BAGHOUZ, Syria -- Holdout jihadists scurried along the reedy banks of the Euphrates in an increasingly desperate defence Tuesday (March 19) of the last scrap of their so-called "caliphate" in eastern Syria.
Advancing US-backed Kurdish forces forced diehard fighters from the "Islamic State of Iraq and Syria" (ISIS) out of the main encampment where they had been confined in recent days.
The move brought a months-old operation to wipe out the last vestige of ISIS's once-sprawling proto-state closer to its inevitable outcome, but the Syrian Democratic Forces (SDF) stopped short of declaring victory.
Some of the jihadists now fighting for a few fields in a bend of the river seemed unwilling to surrender, and a senior ISIS leader even issued a message calling for attacks.
"This is not a victory announcement but a significant progress in the fight against Daesh," SDF spokesman Mustefa Bali said, using an Arabic acronym for ISIS.
A few days ago, the last denizens of the ISIS bastion were crammed into a chaotic encampment on the edge of Baghouz, a jumble of mangled vehicles, hastily dug berms and makeshift tents.
Thousands of them -- fighters, their relatives and other civilians -- fled the death trap in recent weeks and turned themselves in after scaling a nearby hill to a position held by the SDF.
The Kurdish-led force, which also includes fighters from local Arab tribes, moved in on Tuesday and took up positions in the deserted encampment, leaving holdout jihadists cornered.
Syrian regime and allied forces are deployed on the other side of the river and the border, preventing any escape.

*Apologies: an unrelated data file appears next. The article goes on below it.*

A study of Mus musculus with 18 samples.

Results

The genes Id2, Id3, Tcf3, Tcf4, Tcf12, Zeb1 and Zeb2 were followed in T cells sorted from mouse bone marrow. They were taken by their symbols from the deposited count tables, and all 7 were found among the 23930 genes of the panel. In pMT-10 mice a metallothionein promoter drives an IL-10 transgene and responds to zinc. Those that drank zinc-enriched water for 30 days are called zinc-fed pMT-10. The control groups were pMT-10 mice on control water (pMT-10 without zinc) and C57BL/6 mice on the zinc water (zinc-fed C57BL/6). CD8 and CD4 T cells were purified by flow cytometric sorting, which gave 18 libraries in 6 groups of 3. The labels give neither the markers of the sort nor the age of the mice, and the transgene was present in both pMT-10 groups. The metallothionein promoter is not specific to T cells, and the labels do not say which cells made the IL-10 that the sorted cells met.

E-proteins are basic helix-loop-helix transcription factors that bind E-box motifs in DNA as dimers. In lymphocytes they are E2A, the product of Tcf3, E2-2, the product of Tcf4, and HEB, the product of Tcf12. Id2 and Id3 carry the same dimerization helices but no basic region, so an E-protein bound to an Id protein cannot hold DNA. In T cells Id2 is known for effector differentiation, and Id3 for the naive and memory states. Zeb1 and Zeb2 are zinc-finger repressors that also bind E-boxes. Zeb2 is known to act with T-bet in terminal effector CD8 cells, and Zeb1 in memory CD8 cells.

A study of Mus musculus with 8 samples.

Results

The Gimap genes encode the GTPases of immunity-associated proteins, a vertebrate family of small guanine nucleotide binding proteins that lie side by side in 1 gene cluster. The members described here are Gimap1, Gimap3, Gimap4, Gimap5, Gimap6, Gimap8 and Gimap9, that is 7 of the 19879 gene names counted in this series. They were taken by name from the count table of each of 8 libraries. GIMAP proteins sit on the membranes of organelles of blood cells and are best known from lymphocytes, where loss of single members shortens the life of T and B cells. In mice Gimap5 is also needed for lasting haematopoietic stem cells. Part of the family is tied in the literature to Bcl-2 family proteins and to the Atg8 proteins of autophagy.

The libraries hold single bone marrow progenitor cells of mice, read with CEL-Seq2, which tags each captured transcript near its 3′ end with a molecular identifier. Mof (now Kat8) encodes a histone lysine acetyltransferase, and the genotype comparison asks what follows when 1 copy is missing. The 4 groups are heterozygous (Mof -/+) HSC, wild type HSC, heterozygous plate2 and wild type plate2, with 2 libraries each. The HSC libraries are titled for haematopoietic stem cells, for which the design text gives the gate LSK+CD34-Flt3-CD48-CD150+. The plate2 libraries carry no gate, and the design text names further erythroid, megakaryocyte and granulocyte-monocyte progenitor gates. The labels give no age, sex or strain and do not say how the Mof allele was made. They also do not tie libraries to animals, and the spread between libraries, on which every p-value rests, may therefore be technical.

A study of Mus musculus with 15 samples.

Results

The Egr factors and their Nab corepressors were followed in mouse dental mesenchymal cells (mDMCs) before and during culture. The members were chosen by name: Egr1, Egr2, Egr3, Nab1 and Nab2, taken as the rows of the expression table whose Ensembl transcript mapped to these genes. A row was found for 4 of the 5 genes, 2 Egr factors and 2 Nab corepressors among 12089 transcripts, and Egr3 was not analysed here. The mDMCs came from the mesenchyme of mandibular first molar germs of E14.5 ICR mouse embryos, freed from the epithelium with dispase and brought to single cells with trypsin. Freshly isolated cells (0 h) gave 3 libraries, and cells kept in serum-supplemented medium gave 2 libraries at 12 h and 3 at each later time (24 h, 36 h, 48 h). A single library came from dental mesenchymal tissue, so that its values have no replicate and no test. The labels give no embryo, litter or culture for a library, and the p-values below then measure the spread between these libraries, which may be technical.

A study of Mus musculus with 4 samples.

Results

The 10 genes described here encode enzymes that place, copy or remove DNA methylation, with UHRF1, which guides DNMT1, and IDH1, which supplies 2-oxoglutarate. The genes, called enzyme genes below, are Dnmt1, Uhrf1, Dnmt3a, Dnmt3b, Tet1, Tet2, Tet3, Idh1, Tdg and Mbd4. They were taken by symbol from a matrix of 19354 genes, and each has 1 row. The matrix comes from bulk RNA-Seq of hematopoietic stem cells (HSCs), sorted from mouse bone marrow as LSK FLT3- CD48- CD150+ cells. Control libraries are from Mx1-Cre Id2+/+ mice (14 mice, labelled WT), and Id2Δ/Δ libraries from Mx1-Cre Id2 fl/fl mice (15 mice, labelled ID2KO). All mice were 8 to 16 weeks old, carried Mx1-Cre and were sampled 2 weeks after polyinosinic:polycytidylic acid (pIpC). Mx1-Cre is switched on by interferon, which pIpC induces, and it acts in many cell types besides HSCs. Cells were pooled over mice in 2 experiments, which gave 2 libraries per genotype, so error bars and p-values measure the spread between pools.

With daily air strikes and shelling from the US-led coalition and its SDF ground partners, hundreds of fighters have been pummelled into submission in recent days.
Collapse of ISIS
The so-called "caliphate", which leader Abu Bakr al-Baghdadi proclaimed in mid-2014, once covered territory larger than Britain, straddling Syria and Iraq.
It administered millions of inhabitants, ran its own court system, coined its own currency, printed its own schoolbooks and instilled fear on a global scale.
It has crumbled under years of military operations in which Syrian and Iraqi forces backed by their international allies clawed back the land but left cities in ruins and populations homeless.
Baghdadi's whereabouts are unknown, and the Baghouz holdouts are fighting over land the size of a few football pitches.
Many of its leaders and fighters in Iraq and Syria have long reverted to a guerrilla war, launching hit-and-run attacks from desert, mountain and other hideouts.
The thousands of ghost-like stragglers who streamed out of the last ISIS stronghold in recent weeks now fill overcrowded camps and prisons run by the Kurds further north.
The 70,000 individuals crammed into the biggest camp -- Al-Hol -- include more than 40,000 children, of dozens of different nationalities.